By on August 6, 2014


Six years removed from the Great Recession, LMC Automotive senior vice president and economist Jeff Schuster believes North American auto sales will remain strong through 2020 despite the remaining effects of the recession.

Automotive News reports Schuster, speaking at the 2014 Management Briefing Seminars in Traverse City, Mich., added that slow or declining growth in global markets — such as those of the BRIC contingent — will mean such growth will be “at a more muted rate” than the overall North American market, thanks in part to leaner manufacturing between automakers and suppliers.

He goes on to say that fleet sales are down from 22 percent to “a more healthy” 18 percent, with factory utilization up to 90 percent, both part of the push toward 17 million SAAR at the end of 2014. Schuster believes the SAAR will continue to improve until 2020, falling somewhere between 16.7 million and 18.3 million units sold that year.

Finally, Schuster says the external factors in where the SAAR will go include older consumers delaying retirement and younger consumers “delaying full entry to adulthood by continuing to live at home and postponing marriage.” Profits may also lag behind sales, and incentives should be watched, he explained.


  • avatar

    I had to look up the meaning of SAAR which is “seasonally adjusted annual rate” for the other dummys out there.

  • avatar

    “delaying full entry to adulthood by continuing to live at home and postponing marriage.”

    Probably the best description of Millennials I’ve read yet.

    • 0 avatar

      And nothing new. I’m a Gen-Xer, and I lived at home until I was in my mid-20s, as did many of my friends. And most of us either have not had kids or waited until we were late 30s early 40s to do so. As usual, the Millennial are not the unique little flowers they think they are, just because they can do their whining all over the Internet.

  • avatar

    I think Schuster is dead on although he doesn’t mention that impact of interest rates that will most certainly rise between now and 2020.

    The observation about fleet sales is also right on. Fleet and rental vehicles are needed in the market but 18% isn’t a level where they are being “force fed,” which impacts resale values and creates additional negative equity and/or less equity in potential buyers’ trade ins, which impacts new vehicle sales.

    There is still tremendous pent up demand for new vehicles and consumers are gradually rebuilding their credit scores, many of which were maimed as a consequence of the Great Recession.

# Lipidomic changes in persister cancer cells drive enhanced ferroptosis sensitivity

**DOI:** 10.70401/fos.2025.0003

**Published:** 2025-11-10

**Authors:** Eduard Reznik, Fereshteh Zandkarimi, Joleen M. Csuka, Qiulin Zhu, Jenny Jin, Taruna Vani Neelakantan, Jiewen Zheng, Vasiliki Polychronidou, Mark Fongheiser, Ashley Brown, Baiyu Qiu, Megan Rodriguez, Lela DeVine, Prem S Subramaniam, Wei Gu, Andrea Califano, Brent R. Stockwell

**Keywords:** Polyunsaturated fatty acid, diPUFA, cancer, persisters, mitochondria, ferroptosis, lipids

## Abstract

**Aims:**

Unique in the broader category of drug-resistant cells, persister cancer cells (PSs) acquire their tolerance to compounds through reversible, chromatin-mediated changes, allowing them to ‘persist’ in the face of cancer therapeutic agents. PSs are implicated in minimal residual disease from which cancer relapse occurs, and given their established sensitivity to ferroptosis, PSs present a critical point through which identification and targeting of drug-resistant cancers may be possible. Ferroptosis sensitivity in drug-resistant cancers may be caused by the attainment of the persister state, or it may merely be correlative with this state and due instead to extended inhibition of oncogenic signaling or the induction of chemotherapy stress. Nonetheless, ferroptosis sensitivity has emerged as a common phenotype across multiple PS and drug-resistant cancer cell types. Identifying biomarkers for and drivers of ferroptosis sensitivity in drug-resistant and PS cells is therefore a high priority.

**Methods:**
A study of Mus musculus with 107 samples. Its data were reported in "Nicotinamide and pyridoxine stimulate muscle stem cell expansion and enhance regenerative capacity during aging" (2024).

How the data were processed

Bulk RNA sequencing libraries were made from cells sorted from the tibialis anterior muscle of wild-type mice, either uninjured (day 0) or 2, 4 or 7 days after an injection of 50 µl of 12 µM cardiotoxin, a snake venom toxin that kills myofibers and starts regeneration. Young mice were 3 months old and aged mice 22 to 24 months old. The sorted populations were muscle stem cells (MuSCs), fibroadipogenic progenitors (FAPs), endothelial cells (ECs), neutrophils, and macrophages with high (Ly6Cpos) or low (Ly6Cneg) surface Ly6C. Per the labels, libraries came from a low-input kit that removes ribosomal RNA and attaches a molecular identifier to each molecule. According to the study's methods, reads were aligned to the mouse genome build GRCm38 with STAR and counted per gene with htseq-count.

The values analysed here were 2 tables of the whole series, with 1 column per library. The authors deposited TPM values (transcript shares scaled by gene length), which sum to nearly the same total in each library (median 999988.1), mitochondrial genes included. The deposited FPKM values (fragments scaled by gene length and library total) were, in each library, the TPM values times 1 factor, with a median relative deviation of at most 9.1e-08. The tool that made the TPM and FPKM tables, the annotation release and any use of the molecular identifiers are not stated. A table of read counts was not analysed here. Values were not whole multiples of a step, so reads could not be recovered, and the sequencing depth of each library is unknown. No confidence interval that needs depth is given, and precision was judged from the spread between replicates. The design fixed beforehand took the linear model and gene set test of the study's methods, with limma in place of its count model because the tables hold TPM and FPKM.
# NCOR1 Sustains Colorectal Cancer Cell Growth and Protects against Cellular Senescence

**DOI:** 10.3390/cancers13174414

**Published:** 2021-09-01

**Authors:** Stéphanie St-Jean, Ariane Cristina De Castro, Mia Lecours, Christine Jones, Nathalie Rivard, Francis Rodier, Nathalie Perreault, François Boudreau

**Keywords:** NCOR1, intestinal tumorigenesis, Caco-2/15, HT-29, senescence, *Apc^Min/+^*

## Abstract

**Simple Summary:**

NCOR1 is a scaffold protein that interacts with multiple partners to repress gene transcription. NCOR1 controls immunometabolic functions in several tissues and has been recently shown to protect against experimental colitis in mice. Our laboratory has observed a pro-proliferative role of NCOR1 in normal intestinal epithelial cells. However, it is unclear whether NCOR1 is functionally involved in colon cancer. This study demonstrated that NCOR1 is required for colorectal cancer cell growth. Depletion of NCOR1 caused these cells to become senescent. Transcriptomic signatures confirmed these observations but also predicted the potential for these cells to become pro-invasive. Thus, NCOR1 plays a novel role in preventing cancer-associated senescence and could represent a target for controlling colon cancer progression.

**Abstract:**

Trade in values might drop somewhat as greater supply of preowned inventory comes online, but we have not seen any kind of a precipitous drop so far as the pent up demand continues to gobble up the larger numbers.

    There is no financing bubble and the only substantial headwind will be somewhat increased interest rates. OEMs have already priced in some room for subventions but it is quite possible we could see a doubling of interest rates in the next few years. As long as the increase happens gradually, it could be a good thing in the big picture. Current rates are not realistic or market driven and to continue too long carries a lot of risk. Retirees and savers would appreciate a higher interest rate return. Higher floor plan rates make dealers sell more aggressively.

    Its going to be a good next few years in the auto industry. Dealers will do well because the volume is shared with thousands fewer dealers than before the Great Recession and auto industry rescue.

    • 0 avatar

      Given decent credit, interest rates are effectively to actually zero, so doubling them is hardly a hardship. Higher interest rates would just cause me to pay off the note faster.

    • 0 avatar

      If rather read a rehashed press release based on what Ruggles says than either the NADA twit or Schuster. Thanks for sharing the wisdom Ruggles.

  • avatar

    If there’s one thing I’ve learned in life, it’s that these financial tea-leaf forecasters are never correct. Not once. Never. They can’t get the next six months correct, let alone six years.

    One thing we can all be sure of: whatever these twits or the ones forecasting CAFE will ruin the party, a few posts ago, will be completely wrong.

    Because they’re never right.

  • avatar

    As long as the banks will keep writing loans to anyone with a pulse, sales will be amazing.